Kansas City’s Squabble-Proof Streetcar Plan

If everything goes according to plan this election, Kansas City will be on track to build its first streetcar in under five years, from conceptual planning to first boarding. Maybe more impressive still, this relatively sprawling Midwestern town is this close to getting its first rail transportation without even a mild political dustup.

An artist's depiction of the Kansas City Streetcar. Image: Kansas City Business Journal

When you’re a car-centric Midwestern city that hasn’t had rail transportation in 50 years, swaying a general public — the majority of which doesn’t find transit useful or attractive — can be the single hardest obstacle. But as Kansas City’s streetcar project illustrates, you don’t necessarily need to.

This month some 700 voters — members of a downtown special taxing district surrounding the planned line — will determine the fate of this project. They will decide whether to tax themselves and district shoppers — through a combination of sales and property taxes — a collective $10 million per year for 25 years. That amount, plus $18 million in funding the Kansas City Streetcar won from its metropolitan planning organization, will be enough to cover construction and operating costs for this two-mile downtown circulator.

Project sponsors applied for a TIGER IV grant earlier this year, but were passed over. That didn’t stop them, or even slow them down much. The special taxing district will bring in 74 percent of the project’s $100 million cost. Since the project will not rely on direct taxation from the general public, no larger community-wide vote will be necessary.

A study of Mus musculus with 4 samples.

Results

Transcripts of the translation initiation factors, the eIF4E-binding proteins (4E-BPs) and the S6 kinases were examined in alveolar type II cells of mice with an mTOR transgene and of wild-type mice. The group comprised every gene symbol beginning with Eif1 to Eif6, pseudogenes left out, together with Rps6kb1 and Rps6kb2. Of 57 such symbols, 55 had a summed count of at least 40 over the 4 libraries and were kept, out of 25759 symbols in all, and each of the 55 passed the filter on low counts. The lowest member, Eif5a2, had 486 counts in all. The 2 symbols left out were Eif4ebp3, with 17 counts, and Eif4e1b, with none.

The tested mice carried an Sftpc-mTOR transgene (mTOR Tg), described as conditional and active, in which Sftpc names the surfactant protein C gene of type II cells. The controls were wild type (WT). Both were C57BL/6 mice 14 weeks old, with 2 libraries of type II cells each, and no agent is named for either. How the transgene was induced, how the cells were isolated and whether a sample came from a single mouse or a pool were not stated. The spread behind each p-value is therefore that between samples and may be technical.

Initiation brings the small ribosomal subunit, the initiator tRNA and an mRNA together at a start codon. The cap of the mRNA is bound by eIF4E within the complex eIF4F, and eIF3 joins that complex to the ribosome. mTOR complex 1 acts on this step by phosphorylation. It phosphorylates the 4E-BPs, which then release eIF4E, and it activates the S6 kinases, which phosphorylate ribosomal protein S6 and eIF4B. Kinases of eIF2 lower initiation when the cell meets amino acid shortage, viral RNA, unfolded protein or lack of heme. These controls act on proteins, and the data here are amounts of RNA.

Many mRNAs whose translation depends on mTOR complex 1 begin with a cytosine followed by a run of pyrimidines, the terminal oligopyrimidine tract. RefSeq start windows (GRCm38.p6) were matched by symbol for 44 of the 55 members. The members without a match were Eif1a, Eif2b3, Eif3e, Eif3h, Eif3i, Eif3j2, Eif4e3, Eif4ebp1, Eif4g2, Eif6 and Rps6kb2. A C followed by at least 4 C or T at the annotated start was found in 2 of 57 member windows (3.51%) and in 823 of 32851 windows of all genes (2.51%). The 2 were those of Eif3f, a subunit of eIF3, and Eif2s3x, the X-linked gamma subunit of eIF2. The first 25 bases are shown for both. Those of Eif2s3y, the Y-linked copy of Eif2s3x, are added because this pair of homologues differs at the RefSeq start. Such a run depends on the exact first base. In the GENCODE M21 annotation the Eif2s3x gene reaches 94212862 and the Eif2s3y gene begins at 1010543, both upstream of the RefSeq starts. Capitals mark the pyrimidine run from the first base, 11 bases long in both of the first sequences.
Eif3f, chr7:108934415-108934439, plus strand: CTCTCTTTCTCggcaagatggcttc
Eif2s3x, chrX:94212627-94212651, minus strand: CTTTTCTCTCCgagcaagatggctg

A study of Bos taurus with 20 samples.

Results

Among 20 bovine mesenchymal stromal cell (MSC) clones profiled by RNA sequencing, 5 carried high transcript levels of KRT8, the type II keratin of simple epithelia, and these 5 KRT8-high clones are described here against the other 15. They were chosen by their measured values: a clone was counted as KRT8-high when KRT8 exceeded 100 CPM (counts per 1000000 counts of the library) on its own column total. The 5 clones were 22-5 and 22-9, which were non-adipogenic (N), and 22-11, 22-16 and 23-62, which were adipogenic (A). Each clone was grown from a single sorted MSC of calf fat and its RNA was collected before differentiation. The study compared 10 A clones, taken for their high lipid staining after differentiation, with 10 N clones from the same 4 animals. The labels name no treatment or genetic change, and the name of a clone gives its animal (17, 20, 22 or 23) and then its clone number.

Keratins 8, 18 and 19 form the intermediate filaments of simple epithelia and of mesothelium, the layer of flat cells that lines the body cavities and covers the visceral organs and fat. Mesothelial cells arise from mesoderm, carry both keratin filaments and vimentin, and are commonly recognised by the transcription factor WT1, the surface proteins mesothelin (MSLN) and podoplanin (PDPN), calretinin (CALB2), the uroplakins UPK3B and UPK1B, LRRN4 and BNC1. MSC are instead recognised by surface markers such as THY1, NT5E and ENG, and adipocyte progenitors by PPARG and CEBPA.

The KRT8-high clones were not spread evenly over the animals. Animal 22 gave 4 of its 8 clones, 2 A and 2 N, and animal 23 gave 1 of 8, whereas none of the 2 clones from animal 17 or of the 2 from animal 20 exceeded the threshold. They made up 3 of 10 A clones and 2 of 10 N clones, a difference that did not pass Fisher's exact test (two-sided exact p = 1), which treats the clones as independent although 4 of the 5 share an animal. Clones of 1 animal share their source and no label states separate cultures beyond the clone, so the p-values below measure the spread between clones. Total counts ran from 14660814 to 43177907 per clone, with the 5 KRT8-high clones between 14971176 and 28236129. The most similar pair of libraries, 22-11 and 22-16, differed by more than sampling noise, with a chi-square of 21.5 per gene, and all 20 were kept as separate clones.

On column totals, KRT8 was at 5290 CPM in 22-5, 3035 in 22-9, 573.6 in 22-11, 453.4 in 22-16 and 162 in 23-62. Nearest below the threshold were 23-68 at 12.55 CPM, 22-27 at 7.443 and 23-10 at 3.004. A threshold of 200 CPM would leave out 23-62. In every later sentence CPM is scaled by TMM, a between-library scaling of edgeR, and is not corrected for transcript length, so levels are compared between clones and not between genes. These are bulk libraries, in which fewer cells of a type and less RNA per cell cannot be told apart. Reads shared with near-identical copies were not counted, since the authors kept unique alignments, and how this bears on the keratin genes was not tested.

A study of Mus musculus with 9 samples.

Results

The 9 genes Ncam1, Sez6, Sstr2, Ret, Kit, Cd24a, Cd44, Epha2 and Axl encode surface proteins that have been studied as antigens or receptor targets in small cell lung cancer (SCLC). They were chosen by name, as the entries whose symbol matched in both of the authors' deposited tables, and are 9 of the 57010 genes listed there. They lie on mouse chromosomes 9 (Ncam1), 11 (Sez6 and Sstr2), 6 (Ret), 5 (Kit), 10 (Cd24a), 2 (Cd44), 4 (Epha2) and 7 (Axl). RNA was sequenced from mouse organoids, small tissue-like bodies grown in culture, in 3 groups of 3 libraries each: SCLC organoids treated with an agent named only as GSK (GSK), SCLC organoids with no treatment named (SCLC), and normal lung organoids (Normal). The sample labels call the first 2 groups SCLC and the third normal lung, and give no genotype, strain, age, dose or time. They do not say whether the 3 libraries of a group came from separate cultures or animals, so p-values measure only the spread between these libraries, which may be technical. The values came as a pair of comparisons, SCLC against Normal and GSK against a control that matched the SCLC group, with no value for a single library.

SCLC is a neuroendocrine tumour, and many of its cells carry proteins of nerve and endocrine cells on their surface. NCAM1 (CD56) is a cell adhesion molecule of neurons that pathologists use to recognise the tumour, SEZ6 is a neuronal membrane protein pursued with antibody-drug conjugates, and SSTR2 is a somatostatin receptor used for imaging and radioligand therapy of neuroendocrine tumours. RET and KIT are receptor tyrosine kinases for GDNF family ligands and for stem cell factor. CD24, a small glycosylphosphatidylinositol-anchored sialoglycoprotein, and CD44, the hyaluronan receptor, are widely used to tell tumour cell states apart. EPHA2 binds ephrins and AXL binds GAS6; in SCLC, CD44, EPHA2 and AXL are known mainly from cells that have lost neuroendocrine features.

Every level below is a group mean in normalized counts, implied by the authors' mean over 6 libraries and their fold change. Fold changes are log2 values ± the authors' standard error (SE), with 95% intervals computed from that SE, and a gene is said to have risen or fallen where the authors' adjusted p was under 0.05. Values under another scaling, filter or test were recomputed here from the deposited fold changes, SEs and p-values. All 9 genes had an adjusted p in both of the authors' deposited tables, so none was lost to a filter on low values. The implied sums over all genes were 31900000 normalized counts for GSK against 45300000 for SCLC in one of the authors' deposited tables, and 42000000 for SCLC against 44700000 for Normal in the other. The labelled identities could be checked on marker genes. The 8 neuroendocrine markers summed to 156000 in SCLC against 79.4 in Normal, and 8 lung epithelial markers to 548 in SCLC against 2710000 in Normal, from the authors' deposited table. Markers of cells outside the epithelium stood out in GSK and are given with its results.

This election won’t necessarily be full of intrigue. Residents of the special taxing district already voted by a wide margin to support the creation of the district back in August, leading project sponsors to believe they will support the tax as well. David Johnson, president of Streetcar Neighbors, said there have been some general NIMBY complaints, and some members of the taxing district have been vocally opposed, but that’s about it.

“There’s been no funded opposition,” he said. “I would say there’s really no formal opposition to it at all.”

If voters approve the spending, the streetcar will break ground in 2013 and begin welcoming passengers in early 2015. The line is seen mainly as an economic development tool. And it seems to be working; three major residential projects along its path have come online since the plan was released, Johnson said.

The streetcar will run down Main Street, from a public market to the train station. The system will not charge riders a fare.

Project supporters have already received environmental approval, and engineering is underway.

If this seems like a snooze, compared to the drama we’ve seen in Cincinnati or Honolulu, that’s the way project sponsors planned it, especially after several ultimately unsuccessful ballot issues in support of light rail in Kansas City.

“It was absolutely a political calculation,” said Johnson. “It’s a good way to avoid a lot of the pitfalls.”